Using microscopes was always one of the highlights of science class. They offered a view of the world we don’t often see and it was fun to break down familiar (and not-so-familiar) substances to their basic building blocks. If you ever feel like your science lessons are a little dry, microscopes let you add pizazz with cool visuals.
Before you buy new microscopes, here are a few things to consider:
Type – If you’re working with younger students, stereo microscopes are easy to operate and offer high magnifications for specimen such as leaves, rocks and flowers. Compound microscopes are suited for seeing small details in cells and organisms in pond water.
Power – How are you going to use your microscope? If they’re going to be used often, opt for a microscope with a power cord. This prevents you from having to charge or replace batteries often. If your microscopes will be used outside the classroom, cordless models that use either a rechargeable battery or a UBS port are the way to go. Simply plug them in after class to recharge.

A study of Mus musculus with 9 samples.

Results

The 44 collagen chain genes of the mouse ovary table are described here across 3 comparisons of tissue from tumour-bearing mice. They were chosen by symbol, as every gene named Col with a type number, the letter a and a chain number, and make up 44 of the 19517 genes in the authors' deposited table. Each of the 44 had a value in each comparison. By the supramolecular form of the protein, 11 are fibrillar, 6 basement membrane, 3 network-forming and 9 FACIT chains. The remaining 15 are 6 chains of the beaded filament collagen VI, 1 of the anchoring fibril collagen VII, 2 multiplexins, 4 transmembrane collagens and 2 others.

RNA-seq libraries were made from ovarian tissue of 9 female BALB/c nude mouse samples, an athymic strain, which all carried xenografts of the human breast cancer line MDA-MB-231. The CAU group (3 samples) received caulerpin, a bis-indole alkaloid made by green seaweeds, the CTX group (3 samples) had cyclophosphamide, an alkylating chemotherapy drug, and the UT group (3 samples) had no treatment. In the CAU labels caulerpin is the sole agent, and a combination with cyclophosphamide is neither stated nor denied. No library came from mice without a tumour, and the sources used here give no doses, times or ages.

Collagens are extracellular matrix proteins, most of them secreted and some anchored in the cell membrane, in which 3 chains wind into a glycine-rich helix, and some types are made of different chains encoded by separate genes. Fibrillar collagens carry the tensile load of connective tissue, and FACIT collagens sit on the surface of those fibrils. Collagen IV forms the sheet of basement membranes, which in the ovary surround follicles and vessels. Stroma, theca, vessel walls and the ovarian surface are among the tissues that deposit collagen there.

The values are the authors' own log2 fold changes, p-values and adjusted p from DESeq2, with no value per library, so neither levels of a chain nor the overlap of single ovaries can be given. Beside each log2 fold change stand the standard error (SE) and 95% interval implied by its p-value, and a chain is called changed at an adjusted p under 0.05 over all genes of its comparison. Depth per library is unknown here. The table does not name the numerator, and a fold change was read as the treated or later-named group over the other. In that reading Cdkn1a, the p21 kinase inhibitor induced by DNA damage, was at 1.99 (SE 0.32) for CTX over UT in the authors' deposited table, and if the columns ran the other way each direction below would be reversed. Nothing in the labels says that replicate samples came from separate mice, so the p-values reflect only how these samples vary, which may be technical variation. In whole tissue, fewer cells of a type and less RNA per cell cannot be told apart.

Head Type – Monocular head microscopes are less expensive and simpler to operate, though they offer lower magnification. Binocular head microscopes are good for older students and advanced labs; the separate eyepieces prevent eye strain and can be focused independently.
Capturing Images – Many digital microscopes hook up to a computer or projector so you can share what’s under the lens with the entire class or take pictures for future lessons. If tight budgets prevent you from getting more than one microscope for your class, it’s best to have something that all students can see and/or use.
Traditional microscopes have also undergone a bit of a technology update. Celestron’s Digital Multi-Purpose Microscope with Camera is a workhorse of a microscope, perfect for small groups or lab partners, but the included digital camera makes it a versatile tool for teachers as well.
Right now we’re giving away Celestron’s Digital Multi-Purpose Microscope Kit with Camera to three lucky teachers. This kit includes auxiliary pen light illumination, software that lets you save images and video, plus three prepared slides. Visit our Facebook page for more.
Looking for more information about microscopes? Read up in our buying guide.